SINGAPORE (BLOOMBERG) - Noble Group's newest major shareholder, Goldilocks Investment Co, has raised its holding in the embattled commodity trader and now controls almost as much equity in the company as China's sovereign wealth fund.
The Abu Dhabi fund increased its stake to 8.19 per cent from 5.03 per cent after adding 41.6 million shares on July 6, according to a filing to the Singapore Exchange on Monday (July 10). That makes it the fifth-largest shareholder after China Investment Corp, which has a 9.61 per cent holding, according to data compiled by Bloomberg.
The stock rose 3.2 per cent to 64.5 Singapore cents by 10.15am on Tuesday.
Noble Group is seeking a strategic investor to restore confidence after a collapse in its securities and Goldilocks' move follows an agreement between the company and its banks to extend a US$2-billion (S$2.8-billion) credit facility - albeit just for 120 days - allaying immediate concerns Noble could default. Goldilocks, which is controlled by investor Jassim Alseddiqi's Abu Dhabi Financial Group, first disclosed a major stake on June 22.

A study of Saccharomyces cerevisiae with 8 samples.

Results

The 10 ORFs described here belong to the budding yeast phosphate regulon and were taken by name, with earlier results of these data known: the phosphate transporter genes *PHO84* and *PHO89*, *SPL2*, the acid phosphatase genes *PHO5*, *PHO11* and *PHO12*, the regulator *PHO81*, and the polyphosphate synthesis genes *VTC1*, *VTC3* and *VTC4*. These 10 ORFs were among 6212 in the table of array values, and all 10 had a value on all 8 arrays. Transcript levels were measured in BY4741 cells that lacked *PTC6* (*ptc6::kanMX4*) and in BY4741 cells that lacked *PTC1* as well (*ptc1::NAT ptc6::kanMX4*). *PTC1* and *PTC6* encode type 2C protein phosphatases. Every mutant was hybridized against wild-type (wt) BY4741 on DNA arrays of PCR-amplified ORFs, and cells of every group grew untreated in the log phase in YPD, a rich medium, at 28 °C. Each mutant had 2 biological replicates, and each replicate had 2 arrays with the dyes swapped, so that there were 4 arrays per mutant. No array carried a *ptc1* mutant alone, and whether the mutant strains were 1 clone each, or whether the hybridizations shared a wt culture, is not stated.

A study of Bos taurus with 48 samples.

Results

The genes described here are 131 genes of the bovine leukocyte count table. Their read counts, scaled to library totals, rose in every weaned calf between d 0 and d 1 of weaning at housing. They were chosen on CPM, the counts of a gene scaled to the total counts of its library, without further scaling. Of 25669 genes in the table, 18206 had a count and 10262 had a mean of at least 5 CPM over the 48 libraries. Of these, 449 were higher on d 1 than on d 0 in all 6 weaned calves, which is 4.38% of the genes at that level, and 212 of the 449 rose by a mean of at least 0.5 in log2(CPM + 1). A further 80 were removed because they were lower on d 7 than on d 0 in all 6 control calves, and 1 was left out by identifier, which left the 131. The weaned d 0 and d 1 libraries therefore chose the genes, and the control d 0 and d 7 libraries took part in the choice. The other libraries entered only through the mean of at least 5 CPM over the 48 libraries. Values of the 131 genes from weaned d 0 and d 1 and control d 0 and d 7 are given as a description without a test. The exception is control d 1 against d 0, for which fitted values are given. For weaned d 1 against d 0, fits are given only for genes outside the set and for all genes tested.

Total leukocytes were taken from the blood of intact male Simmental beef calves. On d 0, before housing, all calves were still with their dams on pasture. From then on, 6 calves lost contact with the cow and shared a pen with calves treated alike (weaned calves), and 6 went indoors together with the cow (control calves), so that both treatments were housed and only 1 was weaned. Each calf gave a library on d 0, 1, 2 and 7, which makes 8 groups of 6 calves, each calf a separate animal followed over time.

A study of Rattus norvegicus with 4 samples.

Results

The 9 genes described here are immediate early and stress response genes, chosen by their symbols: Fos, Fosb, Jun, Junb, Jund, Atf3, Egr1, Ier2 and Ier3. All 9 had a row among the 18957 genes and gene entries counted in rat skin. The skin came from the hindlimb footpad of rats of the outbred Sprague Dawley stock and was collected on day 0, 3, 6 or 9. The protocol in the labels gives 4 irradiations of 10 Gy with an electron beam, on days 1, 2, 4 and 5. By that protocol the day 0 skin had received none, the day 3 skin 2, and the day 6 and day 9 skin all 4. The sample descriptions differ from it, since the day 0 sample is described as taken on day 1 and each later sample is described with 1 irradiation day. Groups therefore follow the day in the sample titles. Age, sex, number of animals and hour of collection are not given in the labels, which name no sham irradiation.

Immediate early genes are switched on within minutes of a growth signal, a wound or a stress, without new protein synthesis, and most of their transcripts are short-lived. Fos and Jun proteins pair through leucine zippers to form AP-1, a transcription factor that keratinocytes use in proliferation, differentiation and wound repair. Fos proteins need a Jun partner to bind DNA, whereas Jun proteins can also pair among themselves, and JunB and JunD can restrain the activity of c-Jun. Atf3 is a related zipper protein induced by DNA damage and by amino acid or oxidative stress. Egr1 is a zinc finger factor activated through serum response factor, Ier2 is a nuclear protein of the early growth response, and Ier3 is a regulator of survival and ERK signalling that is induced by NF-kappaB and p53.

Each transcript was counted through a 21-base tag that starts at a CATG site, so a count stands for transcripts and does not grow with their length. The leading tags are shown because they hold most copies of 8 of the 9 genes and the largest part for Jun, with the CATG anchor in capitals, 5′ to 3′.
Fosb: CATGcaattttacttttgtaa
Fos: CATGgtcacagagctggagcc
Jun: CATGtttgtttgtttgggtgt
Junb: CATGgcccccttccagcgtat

Abu Dhabi Financial Group's media representatives did not respond to requests for comments made after usual business hours. While the stock has rallied more than 40 per cent since then, it is still down over 60 per cent for the year. The company, once Asia's largest commodity trader, has endured several turbulent years marked by losses, credit-rating downgrades and accusations of improper accounting that it has denied.
"There's always a price that somebody will see value and perhaps they have," said Mr Nicholas Teo, a trading strategist at KGI Securities (Singapore), by phone. "Is it strategic? We will only see as they continue to accumulate."
Even after the reprieve on credit, Noble Group remains under the gun. Fitch Ratings has said it does not expect a meaningful recovery in the trader's ability to generate profit this year, while the risk of default has not gone away, according to a Goldman Sachs Group note on July 7, which cited earnings uncertainty and cash-flow pressure.